Most every client I have ever represented will tell you my favorite expression: "It isn't how much money you settle for that is important; it's how much you get to keep."
This article is devoted to helping you keep the very most possible amount of your personal injury settlement, as well as to answer some of the most commonly asked questions we receive about settlements.
A) Is it taxable?
You should always consult your tax adviser on all issues pertaining to taxes. However, generally personal injury recoveries ARE NOT taxable.
B) Do I owe any of this settlement money to anyone?
To fully answer this questions there are a couple of variables that have to be considered. First, what paid for your medical care?
If it was Medicare or Medicaid then YES.
They have a very strong lien and it is you or your attorney's obligation to get to the bottom of what they are owed. They are somewhat negotiable, but rarely will they take anything less than 70% of their stated amount expended on your behalf.
If Health Insurance paid, then the answer is: It depends.
1. Does the policy require you to pay them back? This is called their right of subrogation.
2. Even if the health insurer has policy language that requires you to pay them back, have they put you on notice of their intent to be paid back?
3. Lastly, even if they have done everything correctly to properly preserve their right to subrogation, understand that these companies are often very negotiable as to how much they will accept less than full amount. We can often get health insurance to take 50% or even deeper cuts depending on the circumstances.
If a Hospital was involved in your care, and there was not a payer source, it is likely that there is a hospital lien that has been recorded with the Colorado Secretary of State.
These liens are very serious and they do not even have to tell you that they recorded a lien. If you settle and fail to resolve the hospital lien, they can and likely will sue you not only for the medical expenses but also for attorney fees based on your infringement of their lien. These hospitals are often quite negotiable, but you have to deal with them early after settlement. If you can help it, the time to negotiate with your hospital is NOT after they sued you.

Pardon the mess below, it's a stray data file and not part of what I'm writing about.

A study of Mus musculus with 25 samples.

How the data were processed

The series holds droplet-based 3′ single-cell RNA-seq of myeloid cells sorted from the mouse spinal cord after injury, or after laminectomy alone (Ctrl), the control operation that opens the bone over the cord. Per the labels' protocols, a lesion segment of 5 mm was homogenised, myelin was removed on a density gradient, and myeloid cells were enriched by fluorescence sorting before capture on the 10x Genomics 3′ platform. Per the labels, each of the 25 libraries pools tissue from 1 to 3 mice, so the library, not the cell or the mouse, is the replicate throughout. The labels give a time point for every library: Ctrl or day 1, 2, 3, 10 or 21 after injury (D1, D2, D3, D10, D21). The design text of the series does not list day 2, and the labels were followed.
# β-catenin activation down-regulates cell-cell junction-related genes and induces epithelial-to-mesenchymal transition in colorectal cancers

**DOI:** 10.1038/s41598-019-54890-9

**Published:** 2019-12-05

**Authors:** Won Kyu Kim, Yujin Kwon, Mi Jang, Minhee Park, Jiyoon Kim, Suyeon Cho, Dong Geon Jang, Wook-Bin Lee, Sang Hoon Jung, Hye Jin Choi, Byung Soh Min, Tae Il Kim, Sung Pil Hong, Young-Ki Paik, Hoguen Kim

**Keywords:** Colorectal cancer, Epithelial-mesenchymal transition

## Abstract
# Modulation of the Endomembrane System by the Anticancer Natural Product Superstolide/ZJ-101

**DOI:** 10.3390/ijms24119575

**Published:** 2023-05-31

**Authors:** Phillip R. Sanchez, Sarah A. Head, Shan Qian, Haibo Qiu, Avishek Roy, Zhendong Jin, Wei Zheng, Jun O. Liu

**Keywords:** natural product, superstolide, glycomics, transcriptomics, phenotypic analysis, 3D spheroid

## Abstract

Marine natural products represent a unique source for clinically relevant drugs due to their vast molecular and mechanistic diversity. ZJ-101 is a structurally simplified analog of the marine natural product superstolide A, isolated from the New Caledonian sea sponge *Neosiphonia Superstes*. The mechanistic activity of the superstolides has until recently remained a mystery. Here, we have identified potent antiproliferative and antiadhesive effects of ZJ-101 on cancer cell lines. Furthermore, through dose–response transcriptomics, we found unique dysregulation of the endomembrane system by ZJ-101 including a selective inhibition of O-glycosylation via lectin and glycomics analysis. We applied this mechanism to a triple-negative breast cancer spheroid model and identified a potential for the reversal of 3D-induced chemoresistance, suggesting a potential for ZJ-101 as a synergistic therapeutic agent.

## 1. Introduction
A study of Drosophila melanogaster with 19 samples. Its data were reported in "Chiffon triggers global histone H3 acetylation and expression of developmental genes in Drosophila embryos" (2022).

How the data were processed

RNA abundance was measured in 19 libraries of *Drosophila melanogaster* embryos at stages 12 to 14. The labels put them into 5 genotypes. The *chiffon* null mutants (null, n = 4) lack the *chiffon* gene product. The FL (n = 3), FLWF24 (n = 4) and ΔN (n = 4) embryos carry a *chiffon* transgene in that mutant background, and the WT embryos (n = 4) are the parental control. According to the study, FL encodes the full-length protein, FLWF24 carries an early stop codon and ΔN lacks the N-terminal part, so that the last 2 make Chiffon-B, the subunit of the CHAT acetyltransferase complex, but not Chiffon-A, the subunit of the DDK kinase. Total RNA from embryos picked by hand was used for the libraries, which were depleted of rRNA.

If your own automobile insurance paid for your medical expenses, through your MedPay coverage, then the question of whether you have to pay it back is largely a question of when your auto accident occurred.
If your collision occurred after January 1, 2009, by state statute, your auto insurance company IS NOT entitled to be paid back AT ALL from any settlement proceeds. If however, your accident was in 2008 or earlier, your insurance company would have a right to pursue subrogation.
C) Who needs to deal with these post-settlement issues?
If an attorney settles your case, that attorney should take responsibility in handling these post-settlement matters.
From my experience the quality of legal work and the tenacity in the post-settlement negotiations really separates the men from the boys. At Anderson Hemmat, we look at our job, as it relates to getting our client as much of the settlement as possible, as yet another way of building good will with our clients. The amount of settlement dollars we deliver to our clients is a point of pride and even bragging rights for us.
At Anderson Hemmat we distinguish our service by the motto: "It isn't how much money you settle for that is important; it's how much you get to keep." Let us put that motto to work for you by calling us today.